Updated January 06, 2019 by Christopher Thomas

The 7 Best USB Type-C Power Meters


7. MasterHawk A3

6. Soonhua Cable

This item has been flagged for editorial review and is not available.

5. MasterHawk U2

4. Eversame 2 in 1

3. Kavalan Indicator

2. Drok UM25

1. Jokitech Multimeter

Editor's Notes

January 03, 2019:

USB type C was developed for added convenience, data transfer, and charging capabilities in the newest and fanciest devices. As a relatively new standard, however, not every cable, charger, battery pack, and phone plays nicely together. An in-line tester like the Jokitech will give you all the info you need, and you won't have to carry any extra cables or adapters with you. The Drok will require an additional USB-C cord, but it's also a multipurpose meter that serves a range of advanced functions, much like both MasterHawk options. The Eversame is similarly versatile, and might last a little longer, as unlike some, it's fully encased in a durable plastic body. If you're only working with power up to 18 watts, and only in one direction, you should be able to get by using the Soonhua, which is incredibly inexpensive, and also especially streamlined.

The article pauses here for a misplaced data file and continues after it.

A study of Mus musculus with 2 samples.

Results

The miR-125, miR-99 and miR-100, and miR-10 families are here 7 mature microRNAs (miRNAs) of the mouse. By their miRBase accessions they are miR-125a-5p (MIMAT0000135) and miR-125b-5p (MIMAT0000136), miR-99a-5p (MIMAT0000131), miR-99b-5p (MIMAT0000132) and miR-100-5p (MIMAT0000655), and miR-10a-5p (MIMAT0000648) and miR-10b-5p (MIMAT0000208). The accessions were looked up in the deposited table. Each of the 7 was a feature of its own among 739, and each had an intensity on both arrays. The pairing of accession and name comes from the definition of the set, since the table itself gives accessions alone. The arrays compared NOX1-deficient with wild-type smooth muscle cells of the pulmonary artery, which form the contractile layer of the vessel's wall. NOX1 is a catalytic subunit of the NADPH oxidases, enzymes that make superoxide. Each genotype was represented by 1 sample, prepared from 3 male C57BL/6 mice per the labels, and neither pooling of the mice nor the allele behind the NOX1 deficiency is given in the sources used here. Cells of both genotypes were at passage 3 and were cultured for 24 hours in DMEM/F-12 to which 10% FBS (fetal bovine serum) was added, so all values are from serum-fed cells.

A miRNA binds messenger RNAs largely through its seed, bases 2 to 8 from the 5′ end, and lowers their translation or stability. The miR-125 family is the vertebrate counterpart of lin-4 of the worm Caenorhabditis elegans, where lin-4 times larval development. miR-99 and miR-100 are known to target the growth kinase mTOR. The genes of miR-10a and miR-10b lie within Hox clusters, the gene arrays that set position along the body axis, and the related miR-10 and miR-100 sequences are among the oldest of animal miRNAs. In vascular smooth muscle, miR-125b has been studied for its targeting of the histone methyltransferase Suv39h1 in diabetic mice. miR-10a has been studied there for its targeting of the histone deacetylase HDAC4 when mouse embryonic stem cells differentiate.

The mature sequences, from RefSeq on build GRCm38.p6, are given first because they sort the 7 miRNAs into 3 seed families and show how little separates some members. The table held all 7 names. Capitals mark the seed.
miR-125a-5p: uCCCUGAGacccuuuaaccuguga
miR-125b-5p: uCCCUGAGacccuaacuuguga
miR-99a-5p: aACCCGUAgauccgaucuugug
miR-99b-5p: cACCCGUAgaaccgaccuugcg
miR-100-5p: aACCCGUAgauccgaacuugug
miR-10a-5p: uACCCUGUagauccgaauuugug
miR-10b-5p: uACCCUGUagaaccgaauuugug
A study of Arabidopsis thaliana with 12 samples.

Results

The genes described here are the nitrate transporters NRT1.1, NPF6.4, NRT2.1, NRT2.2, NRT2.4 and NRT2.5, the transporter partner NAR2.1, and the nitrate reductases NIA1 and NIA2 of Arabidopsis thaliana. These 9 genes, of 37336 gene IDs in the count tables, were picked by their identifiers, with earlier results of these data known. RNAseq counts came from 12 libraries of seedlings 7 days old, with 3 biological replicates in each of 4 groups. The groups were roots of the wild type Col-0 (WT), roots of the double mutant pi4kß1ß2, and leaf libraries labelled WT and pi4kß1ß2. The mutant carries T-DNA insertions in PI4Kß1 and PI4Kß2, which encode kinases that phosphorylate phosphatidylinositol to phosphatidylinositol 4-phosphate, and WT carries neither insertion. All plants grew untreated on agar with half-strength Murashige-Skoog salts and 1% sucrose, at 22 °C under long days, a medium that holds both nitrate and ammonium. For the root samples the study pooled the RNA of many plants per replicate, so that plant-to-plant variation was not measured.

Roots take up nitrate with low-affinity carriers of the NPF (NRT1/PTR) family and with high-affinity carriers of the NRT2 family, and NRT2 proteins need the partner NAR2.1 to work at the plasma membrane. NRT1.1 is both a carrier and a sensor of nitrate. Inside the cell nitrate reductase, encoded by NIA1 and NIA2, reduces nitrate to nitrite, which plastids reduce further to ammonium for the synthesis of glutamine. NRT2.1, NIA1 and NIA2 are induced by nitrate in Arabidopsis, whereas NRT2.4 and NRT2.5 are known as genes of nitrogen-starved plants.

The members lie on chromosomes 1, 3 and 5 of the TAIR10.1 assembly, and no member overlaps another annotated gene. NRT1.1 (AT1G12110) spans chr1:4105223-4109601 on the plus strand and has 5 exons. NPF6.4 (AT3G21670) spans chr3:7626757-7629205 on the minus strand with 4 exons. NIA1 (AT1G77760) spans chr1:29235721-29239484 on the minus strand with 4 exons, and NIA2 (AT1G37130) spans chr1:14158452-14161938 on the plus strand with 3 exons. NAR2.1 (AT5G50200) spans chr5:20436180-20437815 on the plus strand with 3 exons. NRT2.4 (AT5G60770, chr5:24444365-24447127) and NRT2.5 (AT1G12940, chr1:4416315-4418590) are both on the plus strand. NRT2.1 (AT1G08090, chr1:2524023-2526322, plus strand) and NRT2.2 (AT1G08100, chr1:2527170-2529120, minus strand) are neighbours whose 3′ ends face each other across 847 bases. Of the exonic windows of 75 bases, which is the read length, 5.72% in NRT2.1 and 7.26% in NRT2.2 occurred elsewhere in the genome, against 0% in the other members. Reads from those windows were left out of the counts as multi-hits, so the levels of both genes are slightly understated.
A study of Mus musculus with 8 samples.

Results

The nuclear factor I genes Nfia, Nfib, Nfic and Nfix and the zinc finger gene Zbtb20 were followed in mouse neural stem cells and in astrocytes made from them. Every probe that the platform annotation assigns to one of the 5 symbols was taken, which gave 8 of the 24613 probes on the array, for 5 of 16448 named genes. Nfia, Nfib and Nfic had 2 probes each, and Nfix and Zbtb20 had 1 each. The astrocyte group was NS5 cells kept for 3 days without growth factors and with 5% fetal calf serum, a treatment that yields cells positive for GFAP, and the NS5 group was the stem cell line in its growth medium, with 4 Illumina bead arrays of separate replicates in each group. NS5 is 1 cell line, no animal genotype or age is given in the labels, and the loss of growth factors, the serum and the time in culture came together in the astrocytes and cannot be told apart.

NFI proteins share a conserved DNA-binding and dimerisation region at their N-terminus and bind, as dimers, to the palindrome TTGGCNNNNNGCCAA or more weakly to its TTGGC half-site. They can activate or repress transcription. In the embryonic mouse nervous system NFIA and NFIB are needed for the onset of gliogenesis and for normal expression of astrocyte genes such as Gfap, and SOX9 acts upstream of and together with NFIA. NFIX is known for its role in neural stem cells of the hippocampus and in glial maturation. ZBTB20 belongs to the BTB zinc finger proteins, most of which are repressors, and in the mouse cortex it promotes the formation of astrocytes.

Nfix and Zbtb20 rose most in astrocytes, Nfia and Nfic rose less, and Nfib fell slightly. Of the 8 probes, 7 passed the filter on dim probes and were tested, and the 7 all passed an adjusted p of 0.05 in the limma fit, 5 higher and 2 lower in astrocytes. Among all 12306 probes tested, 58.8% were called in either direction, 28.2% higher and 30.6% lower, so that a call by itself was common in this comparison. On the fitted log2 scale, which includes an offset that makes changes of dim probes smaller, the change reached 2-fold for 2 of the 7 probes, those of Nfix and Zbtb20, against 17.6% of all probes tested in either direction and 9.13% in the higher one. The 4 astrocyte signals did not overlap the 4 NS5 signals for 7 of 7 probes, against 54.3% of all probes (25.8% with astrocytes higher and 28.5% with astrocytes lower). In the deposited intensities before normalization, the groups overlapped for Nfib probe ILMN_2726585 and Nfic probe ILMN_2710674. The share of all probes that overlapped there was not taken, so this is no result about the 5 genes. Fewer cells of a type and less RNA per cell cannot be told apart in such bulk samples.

Christopher Thomas
Last updated on January 06, 2019 by Christopher Thomas

Building PCs, remodeling, and cooking since he was young, quasi-renowned trumpeter Christopher Thomas traveled the USA performing at and organizing shows from an early age. His work experiences led him to open a catering company, eventually becoming a sous chef in several fine LA restaurants. He enjoys all sorts of barely necessary gadgets, specialty computing, cutting-edge video games, and modern social policy. He has given talks on debunking pseudoscience, the Dunning-Kruger effect, culinary technique, and traveling. After two decades of product and market research, Chris has a keen sense of what people want to know and how to explain it clearly. He delights in parsing complex subjects for anyone who will listen -- because teaching is the best way to ensure that you understand things yourself.